Julian Fontana (1810-1869) was one of Chopin's closest friends and they spent time together from their very youngest days.
Their relationship whilst they were in Warsaw was very close. In 1828 at Bucholtz Hall they performed the Rondo in C major for two pianos, Opus 73, together.
After the November Uprising was put down Fontana met Chopin in Paris in 1832 and for some time was his student – a fact he would emphasise in later years.
He then settled in London, where he performed alongside Ignaz Moscheles and others. In 1835 he returned to France and lived with Chopin. They worked together closely from this time with Fontana acting as Chopin’s copyist and personal secretary.
Up until 1841 he made around 50 publication copies of Chopin’s compositions, which served as the foundations for French, English and German editions. This work increased particularly from 1838, when Chopin met George Sand. No longer in Paris himself, Chopin entrusted all his business affairs to Fontana: negotiations with publishers, the making of copies and the correction of manuscripts being prepared for publication. Fontana often suggested to Chopin certain alterations to his pieces (Polonaise in C minor, opus 40, dedicated to Fontana).
He dedicated himself to making an edition of those Chopin pieces that existed only in manuscript form (Oeuvres posthumes, opus 66-74), authorised by Chopin’s family and he also took part in concerts to promote the posthumous edition (at the Salle Pleyel, 1856 and 1857).
Even though the Fantasie-Impromptu Op. 66 was composed in 1834, the world had to wait until 1960 to hear the piece as Chopin intended it.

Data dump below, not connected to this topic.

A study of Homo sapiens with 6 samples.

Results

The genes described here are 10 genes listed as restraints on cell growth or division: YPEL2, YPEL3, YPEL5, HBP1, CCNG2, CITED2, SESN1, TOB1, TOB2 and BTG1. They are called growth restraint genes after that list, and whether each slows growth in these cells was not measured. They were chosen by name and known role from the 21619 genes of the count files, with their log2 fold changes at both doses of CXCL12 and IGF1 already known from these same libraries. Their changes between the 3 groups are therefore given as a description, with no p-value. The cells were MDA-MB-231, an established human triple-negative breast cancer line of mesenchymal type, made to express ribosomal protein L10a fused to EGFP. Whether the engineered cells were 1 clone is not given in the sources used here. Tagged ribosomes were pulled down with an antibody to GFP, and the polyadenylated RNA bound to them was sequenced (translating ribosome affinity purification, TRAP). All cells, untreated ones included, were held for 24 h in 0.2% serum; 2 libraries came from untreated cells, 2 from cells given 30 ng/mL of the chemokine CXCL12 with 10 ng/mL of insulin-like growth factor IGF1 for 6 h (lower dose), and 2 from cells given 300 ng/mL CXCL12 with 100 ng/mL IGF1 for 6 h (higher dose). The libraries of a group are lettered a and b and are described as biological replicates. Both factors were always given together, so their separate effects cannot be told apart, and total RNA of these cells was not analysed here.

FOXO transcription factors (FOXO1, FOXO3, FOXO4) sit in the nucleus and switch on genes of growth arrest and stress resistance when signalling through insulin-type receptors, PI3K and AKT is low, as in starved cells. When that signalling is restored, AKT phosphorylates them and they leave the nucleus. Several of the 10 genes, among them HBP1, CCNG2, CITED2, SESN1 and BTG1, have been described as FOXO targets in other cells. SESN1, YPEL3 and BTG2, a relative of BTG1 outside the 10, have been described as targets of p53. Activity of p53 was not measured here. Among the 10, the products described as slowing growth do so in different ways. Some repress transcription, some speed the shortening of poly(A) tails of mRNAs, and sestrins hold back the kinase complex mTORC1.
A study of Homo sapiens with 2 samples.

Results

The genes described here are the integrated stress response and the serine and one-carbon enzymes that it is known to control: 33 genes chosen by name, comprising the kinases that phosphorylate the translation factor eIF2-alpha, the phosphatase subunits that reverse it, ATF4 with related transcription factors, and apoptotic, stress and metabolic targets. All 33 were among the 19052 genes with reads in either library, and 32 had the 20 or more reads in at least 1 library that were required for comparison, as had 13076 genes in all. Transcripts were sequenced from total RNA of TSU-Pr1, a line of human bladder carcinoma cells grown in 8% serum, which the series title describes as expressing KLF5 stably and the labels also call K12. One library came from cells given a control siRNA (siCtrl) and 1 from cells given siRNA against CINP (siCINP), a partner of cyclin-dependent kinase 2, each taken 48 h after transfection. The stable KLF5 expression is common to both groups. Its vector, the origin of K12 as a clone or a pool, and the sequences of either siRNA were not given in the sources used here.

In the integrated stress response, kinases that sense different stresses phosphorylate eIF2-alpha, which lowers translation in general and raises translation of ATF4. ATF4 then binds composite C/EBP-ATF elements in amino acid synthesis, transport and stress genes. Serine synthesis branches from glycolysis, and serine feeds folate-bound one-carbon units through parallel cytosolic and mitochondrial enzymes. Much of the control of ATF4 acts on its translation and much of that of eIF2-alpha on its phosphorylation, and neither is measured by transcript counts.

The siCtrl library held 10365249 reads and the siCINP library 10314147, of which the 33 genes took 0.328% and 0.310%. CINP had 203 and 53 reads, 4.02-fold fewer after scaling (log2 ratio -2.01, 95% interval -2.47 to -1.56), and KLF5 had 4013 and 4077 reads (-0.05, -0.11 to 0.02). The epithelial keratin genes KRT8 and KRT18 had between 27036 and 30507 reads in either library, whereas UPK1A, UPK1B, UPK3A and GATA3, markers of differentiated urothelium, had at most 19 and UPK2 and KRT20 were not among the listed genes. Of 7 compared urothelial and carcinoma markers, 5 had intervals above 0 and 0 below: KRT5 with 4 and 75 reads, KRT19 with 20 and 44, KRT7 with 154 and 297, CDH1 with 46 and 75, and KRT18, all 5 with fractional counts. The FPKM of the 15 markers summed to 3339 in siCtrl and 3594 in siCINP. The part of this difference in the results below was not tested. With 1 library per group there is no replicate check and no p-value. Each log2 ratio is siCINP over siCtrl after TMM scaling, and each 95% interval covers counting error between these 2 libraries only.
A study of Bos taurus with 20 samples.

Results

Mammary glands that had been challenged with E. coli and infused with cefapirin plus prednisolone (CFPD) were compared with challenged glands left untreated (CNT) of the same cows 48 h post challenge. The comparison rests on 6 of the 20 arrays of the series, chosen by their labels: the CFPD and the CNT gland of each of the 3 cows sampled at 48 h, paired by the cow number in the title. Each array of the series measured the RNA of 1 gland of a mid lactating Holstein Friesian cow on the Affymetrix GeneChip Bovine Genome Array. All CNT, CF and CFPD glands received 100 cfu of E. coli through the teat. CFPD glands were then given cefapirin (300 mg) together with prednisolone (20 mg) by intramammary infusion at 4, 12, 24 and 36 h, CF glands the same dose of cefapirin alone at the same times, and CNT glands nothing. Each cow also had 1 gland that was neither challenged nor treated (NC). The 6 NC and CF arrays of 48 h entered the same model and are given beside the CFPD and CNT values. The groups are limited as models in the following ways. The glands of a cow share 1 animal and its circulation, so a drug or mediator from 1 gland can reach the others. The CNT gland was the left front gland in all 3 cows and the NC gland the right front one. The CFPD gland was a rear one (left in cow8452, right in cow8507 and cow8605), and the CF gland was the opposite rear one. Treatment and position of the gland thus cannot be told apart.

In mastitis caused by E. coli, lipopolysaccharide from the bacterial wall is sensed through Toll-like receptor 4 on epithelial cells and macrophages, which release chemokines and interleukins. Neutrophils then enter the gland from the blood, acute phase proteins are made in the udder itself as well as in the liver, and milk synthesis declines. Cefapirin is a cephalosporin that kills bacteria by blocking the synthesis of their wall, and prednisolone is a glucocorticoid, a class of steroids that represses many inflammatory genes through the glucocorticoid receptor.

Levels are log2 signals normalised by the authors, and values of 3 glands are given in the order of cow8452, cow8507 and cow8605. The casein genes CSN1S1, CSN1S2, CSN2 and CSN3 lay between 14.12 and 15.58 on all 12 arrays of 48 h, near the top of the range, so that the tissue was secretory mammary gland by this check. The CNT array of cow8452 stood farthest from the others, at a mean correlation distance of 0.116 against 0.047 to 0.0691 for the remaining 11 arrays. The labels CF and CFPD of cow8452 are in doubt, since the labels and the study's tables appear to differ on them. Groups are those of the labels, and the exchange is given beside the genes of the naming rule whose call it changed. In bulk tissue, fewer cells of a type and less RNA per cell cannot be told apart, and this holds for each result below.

The version published by Julian Fontana contained quite a number of textual discrepancies.
How Chopin’s autograph came to light makes a fascinating story. In 1960, Artur Rubinstein acquired an album owned by Madame la Baroness d’Este. The album contained a manuscript of the Fantaisie-Impromptu in the Chopin’s own hand, dated 1835. It would appear that the reason Chopin had not published the work was because he had received a commission from the Baroness, and the the piece was therefore her property. It is possible this manuscript might be a later copy of the work, which could explain the gap of a year between its composition and the date in the album’s copy.
Even though the autograph manuscript has since been published, all pianists prefer to play the much more familiar Fontana edition.
Let’s look at a few excerpts from the autograph score so we can see some differences that can sound a bit surprising.
In the opening material Fontana adds pedal, and removes the accents in the left hand.
Some left hand notes are not the same - the autograph has G sharps in the second groups of bars 5 and 6, and the layout of the broken chord in the second group of bar 7 is different.
In the autograph, the broad melody that appears in bar 13 in crotchets (quarter notes) continues in the right thumb from the second phrase, there is no transfer to the 5th finger.
Fontana’s edition has copious pedal markings - not so the autograph, where we find only three (at the start of the middle section). They all indicate special (long) pedals - over the two introductory bars of D flat major harmony and then whole-bar changes, but disappear thereafter.
Looking further along into the middle section, there are the occasional discrepancies between notes in the left hand (bars 59 and 61), with a variant of the filling material in the upper line in bar 60.
In the autograph, the left hand of the Coda reverts to sextuplets groups, whereas in Fontana’s version we find groups of 4.